The HUD 223(f) loan program is often overlooked by those who assume this type of loan is only for non-profit and affordable housing projects. HUD 223(f) loans are used frequently for low-income housing, non-profit organizations, and affordable subsidized housing projects. However, they can also be used by investors and developers of Class A market-rate apartment units. Here, we look at the advantages and disadvantages of the HUD 223(f) program for investors with multifamily apartments.
Advantages of HUD 223(f) Transactions
The HUD 223(f) loan is non-recourse and fully assumable, and it is subject to both the lender and FHA approval. HUD typically charges a 0.50% TPA (Transfer of Physical Asset) fee for full ownership transfer transactions. If you are looking for a non-recourse, assumable loan for the purchase or refinance of a multifamily apartment project, read on to learn more about the advantages of HUD 223(f) transactions.
This loan program offers a low-interest, 35-year fixed rate that is fully amortized. A fixed rate eliminates interest rate risk. With the HUD 223(f), borrowers will not have to refinance at a higher rate to pay off an existing product with a balloon payment that’s due at the end of a short-term fixed-rate loan that is amortized over 30 years.
Many clients like the benefit of knowing that interest rate risk is eliminated. Investors and developers will be better able to predict future cash flows without having to factor in possible rising interest rates.
High Loan-to-Value and Low Debt-Service-Coverage-Ratio
HUD 223(f) transactions allow for higher LTV (loan-to-value), up to 90%, for subsidized housing with a minimum DSCR of 1.11. Market rate transactions allow up to 85% LTV with a 1.176 DSCR. The maximum LTV on a cash-out transaction is 80%. The DSCR (Debt Service Coverage Ratio) is 1.176%, which is significantly lower than many bank loans that require a DSCR of 1.25% or higher. This product allows for up to 80% for cash out, 85% for non-cash out, and up to 90% for affordable transactions.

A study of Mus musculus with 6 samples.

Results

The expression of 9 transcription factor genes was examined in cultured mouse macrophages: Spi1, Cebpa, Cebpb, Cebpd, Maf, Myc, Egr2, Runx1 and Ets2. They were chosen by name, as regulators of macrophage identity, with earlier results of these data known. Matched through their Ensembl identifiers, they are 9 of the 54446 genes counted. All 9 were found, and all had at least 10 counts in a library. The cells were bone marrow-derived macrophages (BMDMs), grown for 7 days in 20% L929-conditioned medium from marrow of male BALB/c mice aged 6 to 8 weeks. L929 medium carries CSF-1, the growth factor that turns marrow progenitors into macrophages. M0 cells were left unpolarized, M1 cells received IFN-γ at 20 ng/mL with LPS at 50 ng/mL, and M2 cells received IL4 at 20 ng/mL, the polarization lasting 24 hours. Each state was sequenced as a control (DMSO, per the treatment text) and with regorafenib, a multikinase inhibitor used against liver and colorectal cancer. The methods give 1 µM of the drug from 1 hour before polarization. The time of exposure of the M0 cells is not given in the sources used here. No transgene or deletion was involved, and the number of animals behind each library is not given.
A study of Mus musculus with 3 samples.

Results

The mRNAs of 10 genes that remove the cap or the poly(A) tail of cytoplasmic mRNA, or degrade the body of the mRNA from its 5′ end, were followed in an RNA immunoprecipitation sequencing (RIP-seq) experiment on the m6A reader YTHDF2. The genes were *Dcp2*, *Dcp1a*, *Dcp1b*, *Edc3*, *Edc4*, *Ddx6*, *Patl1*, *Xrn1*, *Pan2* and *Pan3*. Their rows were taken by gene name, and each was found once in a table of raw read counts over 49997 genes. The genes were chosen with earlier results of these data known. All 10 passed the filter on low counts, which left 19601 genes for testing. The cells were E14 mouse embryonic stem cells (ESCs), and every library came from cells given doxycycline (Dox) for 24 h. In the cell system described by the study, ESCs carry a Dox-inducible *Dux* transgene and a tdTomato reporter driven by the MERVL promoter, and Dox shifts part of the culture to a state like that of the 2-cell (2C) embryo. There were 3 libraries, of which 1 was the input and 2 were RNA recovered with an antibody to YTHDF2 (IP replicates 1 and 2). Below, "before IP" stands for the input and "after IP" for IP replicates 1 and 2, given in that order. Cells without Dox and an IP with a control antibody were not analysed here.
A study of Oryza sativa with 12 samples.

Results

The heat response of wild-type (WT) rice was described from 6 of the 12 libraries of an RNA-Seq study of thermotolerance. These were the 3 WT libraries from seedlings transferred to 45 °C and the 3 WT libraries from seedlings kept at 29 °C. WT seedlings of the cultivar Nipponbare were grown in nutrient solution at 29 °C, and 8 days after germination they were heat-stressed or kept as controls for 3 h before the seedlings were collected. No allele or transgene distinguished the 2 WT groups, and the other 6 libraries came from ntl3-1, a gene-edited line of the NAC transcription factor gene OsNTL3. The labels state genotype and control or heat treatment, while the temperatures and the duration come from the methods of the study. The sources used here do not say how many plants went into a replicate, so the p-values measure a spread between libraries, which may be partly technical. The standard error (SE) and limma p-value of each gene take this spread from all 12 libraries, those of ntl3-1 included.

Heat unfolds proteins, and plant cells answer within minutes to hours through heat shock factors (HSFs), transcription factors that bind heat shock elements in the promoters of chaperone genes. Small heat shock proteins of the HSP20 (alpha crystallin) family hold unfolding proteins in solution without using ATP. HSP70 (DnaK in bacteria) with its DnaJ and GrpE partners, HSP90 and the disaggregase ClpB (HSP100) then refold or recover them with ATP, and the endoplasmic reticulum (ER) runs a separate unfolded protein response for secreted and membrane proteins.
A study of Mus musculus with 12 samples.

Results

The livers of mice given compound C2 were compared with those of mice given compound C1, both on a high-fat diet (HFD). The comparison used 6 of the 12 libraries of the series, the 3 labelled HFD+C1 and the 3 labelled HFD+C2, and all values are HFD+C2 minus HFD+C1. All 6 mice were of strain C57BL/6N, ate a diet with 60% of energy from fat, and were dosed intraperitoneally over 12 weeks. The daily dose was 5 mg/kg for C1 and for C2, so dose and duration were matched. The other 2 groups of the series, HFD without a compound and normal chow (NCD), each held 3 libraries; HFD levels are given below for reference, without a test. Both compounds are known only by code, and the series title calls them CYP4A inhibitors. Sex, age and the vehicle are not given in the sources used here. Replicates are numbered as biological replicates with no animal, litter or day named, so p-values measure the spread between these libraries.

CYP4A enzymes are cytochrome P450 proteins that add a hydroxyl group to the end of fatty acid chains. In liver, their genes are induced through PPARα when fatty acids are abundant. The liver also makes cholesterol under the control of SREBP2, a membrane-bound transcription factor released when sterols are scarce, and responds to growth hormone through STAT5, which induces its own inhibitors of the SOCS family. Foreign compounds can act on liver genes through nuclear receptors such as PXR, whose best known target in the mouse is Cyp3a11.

A Mortgage Insurance Premium (MIP) is required, but the MIP is multiplied by the reduced outstanding principal balance every 12 months. There are no graphical restrictions to these loans.
Disadvantages of HUD 223(f) FHA Transactions
There are disadvantages to the HUD 223(f) that some investors or developers might not be able to overlook. One of the greatest disadvantages is the time it takes to process a HUD 223(f); anywhere from 4 to 7 months. As with all HUD loans, there is a great deal of paperwork required. Additionally:
- This program requires higher initial replacement reserves (estimated $1,000 per unit), and a MIP (Mortgage Insurance Premium) is required.
- HUD property inspections are mandatory.
- The transaction process takes two to three months longer than Fannie Mae and Freddie Mac programs.
- Annual financial statement audits by a CPA (Certified Public Accountant) are required.
- Third-party reports are more expensive.
Learn More About HUD 223(f) Loans
For most for-profit, non-profit
s, and affordable housing investors, the benefits of HUD 223(f) far outweigh the negatives. In addition, HUD has streamlined its underwriting processes and has consolidated offices to increase processing times.
If you have questions about the HUD 223(f) program and if it’s right for you, give us a call. LSG Lending Advisors will provide you with a detailed proposal of terms and costs so you can make an informed decision.